China will relax rules for foreign investment, increasing its market appeal to global investors and signaling its determination to deepen opening up.
The country's Ministry of Commerce (MOC) has made public its plan for formulating regulations and laws in 2021, putting on agenda the revision of the guideline on foreign strategic investment in Chinese listed firms.
The revision seeks to "ease restrictions on foreign strategic investment, and introduce innovative supervision approaches for the sector," the MOC said in a recent online statement.
The move came as the guideline, which was issued 15 years ago, cannot satisfy the current demand of foreign investment attraction given the country's rapid development over the years.
Wang Jian, a professor at the University of International Business and Economics, said the revision was a signal to the world, indicating that China will continue its reform and opening-up policy, gradually loosen restrictions on foreign investment in listed firms, and foster a more enabling investment environment.
As the market is waiting for the upgraded guideline, a draft revision unveiled last June offered a glimpse of the upcoming rules.
The June draft lowered asset requirements for investments. It stipulated that foreign investors should either own at least 50 million U.S. dollars or manage no less than 300 million dollars of assets for market entry, compared with the current thresholds set at 100 million dollars and 500 million dollars, respectively.
It also reduced the lock-up period for foreign shareholders' stocks from three years to 12 months and removed shareholding limits of foreign strategic investment through listed firms' targeted placements.
Commenting on the lowered bar for foreign investment, Wang said it meant that apart from productive investment, China also welcomes foreign strategic investment in listed firms with open arms.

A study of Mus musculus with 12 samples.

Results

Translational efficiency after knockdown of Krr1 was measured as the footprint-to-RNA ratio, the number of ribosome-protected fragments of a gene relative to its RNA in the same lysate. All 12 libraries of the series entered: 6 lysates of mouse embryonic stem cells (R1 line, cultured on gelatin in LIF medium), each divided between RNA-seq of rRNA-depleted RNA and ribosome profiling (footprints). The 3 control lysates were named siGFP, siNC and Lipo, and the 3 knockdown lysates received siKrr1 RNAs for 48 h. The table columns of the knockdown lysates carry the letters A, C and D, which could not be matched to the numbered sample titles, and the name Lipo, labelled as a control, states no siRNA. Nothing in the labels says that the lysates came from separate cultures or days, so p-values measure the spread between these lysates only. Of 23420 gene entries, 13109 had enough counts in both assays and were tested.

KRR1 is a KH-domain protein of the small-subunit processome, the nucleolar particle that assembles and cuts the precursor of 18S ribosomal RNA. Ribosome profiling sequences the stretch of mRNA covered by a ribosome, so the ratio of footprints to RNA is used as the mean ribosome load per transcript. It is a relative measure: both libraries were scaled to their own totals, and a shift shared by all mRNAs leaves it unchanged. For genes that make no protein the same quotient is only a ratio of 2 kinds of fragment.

"The changes showed that China is gradually opening its equity market to the world, which is also conducive to the sound and healthy development of its stock market," Wang noted.
Opening up has been frequently brought up by China's policymakers over the years of its rapid economic growth. Despite a virus-induced economic slowdown across the world, the country's opening-up momentum remains unabated.
China has taken several major steps to open its door wider since last year: implementing the Foreign Investment Law, trimming the negative list for foreign investment and easing foreign access to the financial market.
In the country's new development blueprint, the 14th Five-Year Plan, it reiterates the commitment to promoting reform and opening up while pursuing high-quality development.
With a 4-percent growth in foreign direct investment (FDI) inflows last year, China stood out as the largest recipient of FDI in the world, according to a report from the United Nations Conference on Trade and Development.
In the first four months of 2021, FDI into the Chinese mainland, in actual use, surged by 38.6 percent year on year, MOC data showed.